By Alex Garland
The Seattle Police Department (SPD) rose early Tuesday morning, wooed by a swarm of Raging Grannies and other protesters who had gathered at the Port of Seattle’s Terminal 5 bridge and Chelan Avenue South. Protesters attempted to prevent workers from boarding Royal Dutch Shell’s Arctic oil-drilling rig, the Polar Pioneer. For a few hours, they succeeded.
The Polar Pioneer has seen it’s share of protests since it’s arrival in Puget Sound on May 14th. Demonstrators have been protesting the rig both on land, and on water in kayaks in an attempt to bring attention to the possible devastation and a more than 75 percent chance of an oil spill on the rig once it reaches the Arctic, according to Alaska Public Media. (http://www.alaskapublic.org/2015/04/27/boem-explains-75-chance-of-arctic-oil-spill/)
Three activists used concrete-filled, 50-gallon drums to blockade the workers’ entrance to the rig while attaching themselves to it via armholes. Activist Zarna Joshi, who had locked herself to a concrete barrel said, “I’m locking down today because the devastation of climate change is already upon us. From India’s recent heatwave to the Philippine’s Typhoon Haiyan, innocent lives are being destroyed all over the world. I can’t stand by and watch Shell, a reckless and selfish fossil fuel corporation, drill in the Arctic and make climate change even worse. The Arctic belongs to Mother Earth, and Shell can’t have it.”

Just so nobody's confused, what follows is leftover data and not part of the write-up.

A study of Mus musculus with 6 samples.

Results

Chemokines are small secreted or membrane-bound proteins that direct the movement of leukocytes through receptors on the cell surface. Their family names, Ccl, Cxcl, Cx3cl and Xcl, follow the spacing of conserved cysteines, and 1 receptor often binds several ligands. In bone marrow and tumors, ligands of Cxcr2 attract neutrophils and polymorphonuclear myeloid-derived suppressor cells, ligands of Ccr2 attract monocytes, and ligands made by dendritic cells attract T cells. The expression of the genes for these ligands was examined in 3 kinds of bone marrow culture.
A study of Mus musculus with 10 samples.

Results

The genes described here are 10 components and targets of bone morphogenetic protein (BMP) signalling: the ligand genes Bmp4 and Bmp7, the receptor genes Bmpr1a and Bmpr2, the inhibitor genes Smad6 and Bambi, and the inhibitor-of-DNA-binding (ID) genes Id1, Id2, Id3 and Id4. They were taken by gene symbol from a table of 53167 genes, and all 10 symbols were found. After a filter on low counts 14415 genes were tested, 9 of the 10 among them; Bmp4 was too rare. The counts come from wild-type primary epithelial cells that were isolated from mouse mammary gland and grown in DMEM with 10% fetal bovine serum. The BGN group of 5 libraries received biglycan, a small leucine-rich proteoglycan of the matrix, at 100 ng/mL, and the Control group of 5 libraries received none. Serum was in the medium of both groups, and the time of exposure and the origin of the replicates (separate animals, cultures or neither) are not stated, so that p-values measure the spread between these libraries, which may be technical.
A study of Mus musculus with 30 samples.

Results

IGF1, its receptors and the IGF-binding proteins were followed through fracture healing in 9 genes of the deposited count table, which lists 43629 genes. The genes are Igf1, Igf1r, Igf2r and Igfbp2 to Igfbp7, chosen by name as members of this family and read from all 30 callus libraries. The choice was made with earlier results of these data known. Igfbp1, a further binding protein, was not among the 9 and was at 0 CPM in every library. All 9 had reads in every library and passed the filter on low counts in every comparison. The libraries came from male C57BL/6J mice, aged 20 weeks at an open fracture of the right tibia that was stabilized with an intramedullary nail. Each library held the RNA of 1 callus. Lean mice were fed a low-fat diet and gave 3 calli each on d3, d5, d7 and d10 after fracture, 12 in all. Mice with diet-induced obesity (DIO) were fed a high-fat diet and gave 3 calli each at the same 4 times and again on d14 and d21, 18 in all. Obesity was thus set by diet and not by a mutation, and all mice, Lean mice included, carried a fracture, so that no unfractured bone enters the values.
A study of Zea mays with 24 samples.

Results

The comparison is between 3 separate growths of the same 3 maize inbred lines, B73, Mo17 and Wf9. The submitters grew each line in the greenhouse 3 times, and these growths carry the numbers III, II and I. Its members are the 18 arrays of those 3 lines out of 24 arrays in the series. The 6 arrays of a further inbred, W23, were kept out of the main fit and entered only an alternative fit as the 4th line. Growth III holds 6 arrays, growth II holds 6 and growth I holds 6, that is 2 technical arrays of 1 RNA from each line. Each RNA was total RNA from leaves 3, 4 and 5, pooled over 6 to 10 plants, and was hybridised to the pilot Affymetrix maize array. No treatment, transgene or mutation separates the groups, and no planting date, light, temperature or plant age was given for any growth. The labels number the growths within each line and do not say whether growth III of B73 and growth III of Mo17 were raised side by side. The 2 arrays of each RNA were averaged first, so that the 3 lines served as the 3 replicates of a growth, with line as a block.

Using a lockbox device for human blockades, two activists blocked a side road that could be used to get rig workers through. Another used an elbow shaped lockbox to attach themselves to a car at the Chelan Avenue South location. Activists blockading the bridge, side road and attached to the car decided to self-release in order to avoid jail. Rosie Daniels locked their arms to a car said, “All avenues which [someone] would go through to stop the rig have been exhausted and the people have made their voice loud and clear.”
The Raging Grannies continued their protest, causing SPD to bring out the power tools and begin clipping chains. The Grannies sat in rocking chairs, sipping tea and knitting, as more than 25 officers from both the Port of Seattle and SPD swarmed around them. Thick plastic sheets were draped over the Grannies as officers cut through the lockboxes. As the Grannies were led away, as demonstrators shouted “Stop Shell, not Grannies”. The goal of the protest was to “disrupt work on the rig to delay it’s (sic) departure from Seattle.” Protesters blocked the entrance to Terminal 5 for approximately three hours before workers found a way in. Five demonstrators were arrested but all were released by 1pm.Φ
Alex Garland is a freelance photojournalist in the Pacific Northwest covering local news with an emphasis on social justice and activism. If he’s not in the streets tracking down stories, you might find him deep in the forest or near a river.